When a person is down – in general, in trouble, or in mourning – friends say things like “take care of yourself,” and by all means I agree, take care. But how? Some friends say this in summary, a tag line at the door. Wearing winter coats and tying on scarves, they hold you by the arms and look you in the eye. Take care of yourself. Some mean please don’t fall off the edge, others mean stop taking care of others, and the most well-meaning and practical wish you to actually take care of yourself. Physically. As in eat carrots, get sleep, drink more tea.
Good advice, and like most healthy ideas, easier said than done. The unfortunate eating started before my father was even gone, first in a hospital at three a.m., where a meal of M & M’s does not seem like a bad thing. My mom had asked me to find her a Hershey bar – so I wandered noiseless halls for a vending machine, which I found, but without Hershey bars. I studied the candy through the glass – B6, C8, D4 – to decide what substitute would be best. Three Musketeers wasn’t right, Twix too fussy, and Snickers – a bit heavy before sunrise. M & M’s might last us all night, while we watched Dad sleep and snow fall through the dark, one chocolate bite at a time.
By the next evening people filled my mother’s living room, bearing crumb cake and cookies and eager, oversized pies. It was then that I made the ludicrous decision to eat no carbs in that house, no matter how many chocolates, rye breads or Bundt cakes filled the counter. It is worth noting that I’m generally one with the carbs, and most days I require Saltines and brown sugar and oatmeal. But here I was sure that without structure, I’d mindlessly eat through the days and in a week, the fog would lift and I’d regret it. No, I would not comfort myself with the good stuff, and under that dazed plan I found I didn’t even mind the parade of cousins and friends plowing through said good stuff. Annoyed at being shooed out of the kitchen – take care of yourself, don’t do anything! – I contented myself with a pile of breadless corned beef, salty black olives, and sliced cheese.
A few days later we were driving home, and just above the sadness I sensed a small triumph – I had not given in. No cookies, brownies or bread had passed my lips. Aha! Grief meant losing, but not losing control. I stared at winter roads for hours, thinking I miss Dad already. But I will not have to buy new jeans.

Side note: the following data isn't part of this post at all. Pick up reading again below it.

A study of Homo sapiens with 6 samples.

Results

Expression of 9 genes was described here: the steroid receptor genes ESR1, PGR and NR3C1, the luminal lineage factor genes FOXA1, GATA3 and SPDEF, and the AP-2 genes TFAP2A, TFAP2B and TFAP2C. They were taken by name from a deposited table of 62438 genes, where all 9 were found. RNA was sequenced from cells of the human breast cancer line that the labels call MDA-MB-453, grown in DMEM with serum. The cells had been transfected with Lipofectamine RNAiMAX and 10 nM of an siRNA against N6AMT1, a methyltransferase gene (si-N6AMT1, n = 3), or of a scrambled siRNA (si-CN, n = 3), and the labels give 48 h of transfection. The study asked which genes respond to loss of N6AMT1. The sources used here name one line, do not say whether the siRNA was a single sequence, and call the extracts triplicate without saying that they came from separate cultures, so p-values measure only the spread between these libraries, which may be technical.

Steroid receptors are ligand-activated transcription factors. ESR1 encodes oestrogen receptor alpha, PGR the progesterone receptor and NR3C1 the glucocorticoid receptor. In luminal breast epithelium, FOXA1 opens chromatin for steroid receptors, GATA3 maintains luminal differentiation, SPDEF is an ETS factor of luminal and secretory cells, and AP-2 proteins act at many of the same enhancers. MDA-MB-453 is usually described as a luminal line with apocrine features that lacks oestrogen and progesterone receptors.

Back home, I quickly succumbed to baguettes, then bagel chips, and then biscotti, all brought by friends – until eventually I found myself standing in the kitchen on the phone, nibbling idly at a friend’s turtle brownies while my mother recounted her meeting with the bank. You can make a pretty good dent in a 9 x 13 brownie pan when you’re on the phone, believe you me. This would not do.
I opened the fridge and realized it was empty. Kind friends had delivered all sorts of temptations, but it held no real supplies. A quick trip to the store felt good and routine; filling the shelves felt even better. By the time I was melting butter I knew the answer, and it had nothing to do with jeans. Rules and sadness don’t mix, and being stuffed and served by well-meaning friends, no matter how well, is only part of what you need. In my kitchen, alone with a soft black dog and a blue pot of onions, I could think, and cry, and laugh and dab my eyes over soup. That is doing whatever you need to do, and taking very good care of oneself.
French Onion Cider Soup
2 small onions, thinly sliced
1 Golden Delicious apple – peeled, cored and diced fine
1-2 tablespoons butter
1 tablespoon flour
16 oz apple cider
1 quart (32 oz) chicken broth
1/2 cup white wine
salt & white pepper
sliced Gruyere (or other Swiss cheese)
In a large pot, melt the butter over medium-low heat and add the onions and diced apples. Stir briefly to combine, then cover to let ingredients steam, about 5-7 minutes, checking and stirring occasionally. Remove cover and stir mixture frequently, until onions are deep golden brown and apples soften completely, almost disappearing.
When mixture is a deep golden brown (bottom of pan will also have browning) turn heat to low, then add flour and 1/2 cup of the apple cider, stirring constantly to form a sticky, combined mixture.
Add chicken broth, white wine and remaining apple cider to the pot, deglazing browned pan and stirring onion-apple mixture into broth. When onions have broken up into the broth, partially cover soup and simmer on low for about 20 minutes, or until golden brown, slightly reduced and thickened. Season with salt, white pepper and nutmeg to taste.
Preheat broiler. Place oven-safe soup bowls (2-4, depending on portion size) on a rimmed sheet pan.
Place thick chunks of crusty bread (toasted is even better) in bottom of oven-safe soup bowls. Ladle warm soup over bread to almost, but not quite, fill the bowl. Top with slices of Gruyere cheese, allowing a slight overhang. Slide pan with soup bowls under hot broiler to melt cheese. Watch carefully – cheese will frequently melt, brown and bubble in less than a minute. Remove carefully from oven, and serve.
Soup (minus bread and cheese) serves 2-4 and keeps, refrigerated, for several days.*
* this is a good soup to make ahead, as flavor only deepens the next day. Re-warm soup before assembling the bread and cheese bowls, then ladle and serve as directed.